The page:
You may have noticed that the Braves have made peace with Tom Glavine, though in this case the peacemaker is John Schuerholz.
There is no mention of Frank Wren, the general manager, in the story, and it was Wren who cut the cord last year, rather abruptly, after some test runs at Rome and Gwinnett. The expectation was that Glavine would take retirement and move on into the gloaming.
He still hasn't retired, and says he doesn't plan to. Just yet.
There's still something about this reunion the left-hander is expected to take a job of some capacity with the Braves that doesn't come across as a hearty homecoming. Glavine isn't certain what he expects to do, beyond being a sort of handyman. It doesn't appear to be a kind of return that warms the heart, especially since he surely must have to deal with Wren in some capacity. The breaking-up was anything but cordial. At a spontaneous gathering in the press box last year, Wren announced that, after three "dry runs" at Rome and Gwinnett, Glavine would not be offered a contract.
Blap! Over and out. The door slammed on Glavine as a Brave.
Now, as the season bore on, it turned out that Wren's pitching decisions worked out pretty well except for one. When he signed Derek Lowe to a $60-million contract, he went far above the Braves' choking price. That was almost as much as Schuerholz had to work with for a whole season when he was the GM. It would turn out to be his albatross. Sure, Lowe won 15 games, but he needed a lot of offense, and when it came time to move him, he and his $45 million hanging contract were untrade-able.
So, who did the Braves trade? Their best pitcher, strikeout leader, fourth place in the Cy Young voting, and a beauty to watch at work. Javier Vasquez was gone. And what did they get in return? A seventh-place hitter who plays center field and they already had two and two prospects.
It should be recalled that Wren earlier did pull off a gold-plated trade when he moved Edgar Renteria to the Tigers, in return for Jair Jurrgens, 14-game winner, a horse for work with a strikeout pitch.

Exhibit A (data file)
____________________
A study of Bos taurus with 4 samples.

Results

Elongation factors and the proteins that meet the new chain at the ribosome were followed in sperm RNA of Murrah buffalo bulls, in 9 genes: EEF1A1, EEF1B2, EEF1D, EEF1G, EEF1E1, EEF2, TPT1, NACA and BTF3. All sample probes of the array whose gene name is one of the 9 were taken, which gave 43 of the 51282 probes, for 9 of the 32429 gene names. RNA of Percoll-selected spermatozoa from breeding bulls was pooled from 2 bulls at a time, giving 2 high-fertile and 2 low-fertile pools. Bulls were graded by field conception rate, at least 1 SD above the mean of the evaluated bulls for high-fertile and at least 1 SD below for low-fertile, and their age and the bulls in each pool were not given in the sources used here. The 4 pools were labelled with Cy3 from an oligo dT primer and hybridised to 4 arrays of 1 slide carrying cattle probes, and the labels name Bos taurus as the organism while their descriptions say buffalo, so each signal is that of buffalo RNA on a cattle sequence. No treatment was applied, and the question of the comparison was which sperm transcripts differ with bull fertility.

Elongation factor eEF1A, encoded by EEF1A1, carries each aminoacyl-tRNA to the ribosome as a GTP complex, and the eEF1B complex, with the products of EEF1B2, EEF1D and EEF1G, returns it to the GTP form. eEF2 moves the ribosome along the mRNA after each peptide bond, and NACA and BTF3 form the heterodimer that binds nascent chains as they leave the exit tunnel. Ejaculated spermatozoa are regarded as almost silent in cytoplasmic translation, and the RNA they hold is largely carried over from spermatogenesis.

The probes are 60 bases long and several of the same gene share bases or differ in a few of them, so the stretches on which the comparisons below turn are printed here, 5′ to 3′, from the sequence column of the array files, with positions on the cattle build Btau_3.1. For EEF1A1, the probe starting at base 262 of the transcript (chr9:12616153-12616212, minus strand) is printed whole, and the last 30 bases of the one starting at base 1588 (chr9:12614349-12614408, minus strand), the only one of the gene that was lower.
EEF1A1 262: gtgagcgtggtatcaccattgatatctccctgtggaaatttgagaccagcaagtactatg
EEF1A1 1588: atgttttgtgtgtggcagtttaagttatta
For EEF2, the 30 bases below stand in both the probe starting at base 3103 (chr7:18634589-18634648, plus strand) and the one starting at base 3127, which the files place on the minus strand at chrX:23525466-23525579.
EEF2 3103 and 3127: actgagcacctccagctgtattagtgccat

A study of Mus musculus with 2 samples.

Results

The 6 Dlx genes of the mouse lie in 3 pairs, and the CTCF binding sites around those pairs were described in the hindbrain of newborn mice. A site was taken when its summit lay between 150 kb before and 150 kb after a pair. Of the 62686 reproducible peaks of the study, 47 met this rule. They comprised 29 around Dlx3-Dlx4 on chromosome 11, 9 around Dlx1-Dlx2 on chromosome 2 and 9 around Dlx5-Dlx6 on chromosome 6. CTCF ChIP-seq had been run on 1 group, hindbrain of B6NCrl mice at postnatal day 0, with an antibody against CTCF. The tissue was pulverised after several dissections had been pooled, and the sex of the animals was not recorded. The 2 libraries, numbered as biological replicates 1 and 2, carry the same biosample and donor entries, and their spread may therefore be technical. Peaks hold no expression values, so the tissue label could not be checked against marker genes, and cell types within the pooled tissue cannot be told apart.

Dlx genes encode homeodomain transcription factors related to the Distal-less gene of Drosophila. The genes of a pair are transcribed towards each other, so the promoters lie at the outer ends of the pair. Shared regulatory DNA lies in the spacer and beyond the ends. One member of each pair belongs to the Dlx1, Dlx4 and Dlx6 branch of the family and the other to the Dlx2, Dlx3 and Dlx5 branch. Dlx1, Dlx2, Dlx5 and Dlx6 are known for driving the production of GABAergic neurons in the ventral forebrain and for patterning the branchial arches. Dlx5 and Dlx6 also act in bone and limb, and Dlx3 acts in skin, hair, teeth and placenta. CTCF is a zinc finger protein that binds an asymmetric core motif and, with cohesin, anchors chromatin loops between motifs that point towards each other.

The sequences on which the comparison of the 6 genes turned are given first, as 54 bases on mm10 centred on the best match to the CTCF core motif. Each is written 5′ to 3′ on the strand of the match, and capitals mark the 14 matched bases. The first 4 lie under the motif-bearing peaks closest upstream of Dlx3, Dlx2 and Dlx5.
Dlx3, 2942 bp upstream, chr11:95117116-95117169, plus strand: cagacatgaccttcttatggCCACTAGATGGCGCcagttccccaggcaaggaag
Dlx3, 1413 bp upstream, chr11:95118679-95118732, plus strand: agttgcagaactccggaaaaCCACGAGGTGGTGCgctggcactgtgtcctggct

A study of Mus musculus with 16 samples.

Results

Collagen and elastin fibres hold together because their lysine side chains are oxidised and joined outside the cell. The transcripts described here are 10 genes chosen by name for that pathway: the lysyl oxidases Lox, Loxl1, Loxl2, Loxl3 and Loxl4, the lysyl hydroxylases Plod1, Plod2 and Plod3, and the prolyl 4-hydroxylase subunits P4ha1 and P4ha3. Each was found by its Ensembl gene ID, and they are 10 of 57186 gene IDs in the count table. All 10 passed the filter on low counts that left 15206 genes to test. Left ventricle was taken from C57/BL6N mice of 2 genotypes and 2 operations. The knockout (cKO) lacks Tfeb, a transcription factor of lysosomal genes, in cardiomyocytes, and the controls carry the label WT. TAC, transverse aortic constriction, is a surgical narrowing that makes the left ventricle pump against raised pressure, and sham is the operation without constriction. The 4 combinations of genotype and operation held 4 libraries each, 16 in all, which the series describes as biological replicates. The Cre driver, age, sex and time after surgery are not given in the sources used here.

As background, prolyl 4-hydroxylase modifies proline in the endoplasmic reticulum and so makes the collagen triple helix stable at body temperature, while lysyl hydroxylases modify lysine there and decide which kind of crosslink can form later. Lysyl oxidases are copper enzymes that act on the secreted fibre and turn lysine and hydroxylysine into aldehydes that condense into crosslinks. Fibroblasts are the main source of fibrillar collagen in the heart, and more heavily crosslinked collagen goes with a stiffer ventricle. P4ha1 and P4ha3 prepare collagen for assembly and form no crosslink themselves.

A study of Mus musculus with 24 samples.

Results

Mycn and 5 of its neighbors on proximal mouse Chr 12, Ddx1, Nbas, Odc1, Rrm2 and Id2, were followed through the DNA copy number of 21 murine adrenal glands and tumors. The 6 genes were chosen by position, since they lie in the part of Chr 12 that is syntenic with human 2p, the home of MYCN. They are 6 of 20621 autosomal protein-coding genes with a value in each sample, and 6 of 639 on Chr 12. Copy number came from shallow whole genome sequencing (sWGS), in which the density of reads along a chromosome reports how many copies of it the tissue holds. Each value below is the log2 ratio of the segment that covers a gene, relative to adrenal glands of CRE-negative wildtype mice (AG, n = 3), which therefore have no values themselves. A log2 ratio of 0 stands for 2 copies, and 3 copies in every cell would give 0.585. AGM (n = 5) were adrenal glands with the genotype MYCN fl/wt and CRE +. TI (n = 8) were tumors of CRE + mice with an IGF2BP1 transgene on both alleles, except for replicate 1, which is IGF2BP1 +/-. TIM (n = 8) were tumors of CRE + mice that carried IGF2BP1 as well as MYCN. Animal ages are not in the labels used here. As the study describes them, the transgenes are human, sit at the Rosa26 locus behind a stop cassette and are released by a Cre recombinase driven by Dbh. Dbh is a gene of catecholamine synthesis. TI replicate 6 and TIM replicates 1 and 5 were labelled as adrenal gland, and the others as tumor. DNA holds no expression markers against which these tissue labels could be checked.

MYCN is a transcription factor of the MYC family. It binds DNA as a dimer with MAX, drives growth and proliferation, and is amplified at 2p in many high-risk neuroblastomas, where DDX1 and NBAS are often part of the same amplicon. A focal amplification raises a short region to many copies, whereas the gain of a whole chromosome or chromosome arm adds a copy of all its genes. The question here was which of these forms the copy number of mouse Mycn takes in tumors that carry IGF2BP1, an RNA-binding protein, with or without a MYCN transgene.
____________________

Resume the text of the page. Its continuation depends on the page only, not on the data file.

We turn now to first base, where it appeared to most of us the Braves were well equipped. Adam LaRoche was back. He'd been traded to the Pirates for a relief pitcher, then to the Red Sox, and on his return, he finished strong 12 home runs, 45 RBIs and a batting average of .325 in 45 games. And a graceful performer around first base. No effort was made to sign him.
Instead, they settled on a converted third baseman, coming off surgery. Troy Glaus has played six games at first base in his career. They got their money's worth in beef 6-foot-6, 250 pounds. Ah, memories of Zeke Bonura.
Reason? They have a rookie in the farm system named Freddie Freeman, anticipated to be their next first baseman, if they can get through the season with Glaus. Freeman hit .248 at Mississippi last season. He would be the Braves' 13th first baseman in 15 seasons.
"We are looking for consistency," Wren said, speaking of the indifference toward LaRoche.
"We think we're ahead of where we were a year ago," he also said that. If not, back up the truck.
Furman Bisher is one of the deans of American sports writing. The long-time Atlanta sports journalist is a member of the Georgia and Atlanta Sports Halls of Fame and in addition to his newspaper writing has authored multiple books on major figures likes Hank Aaron and Arnold Palmer. He will write periodic columns for the Daily Post.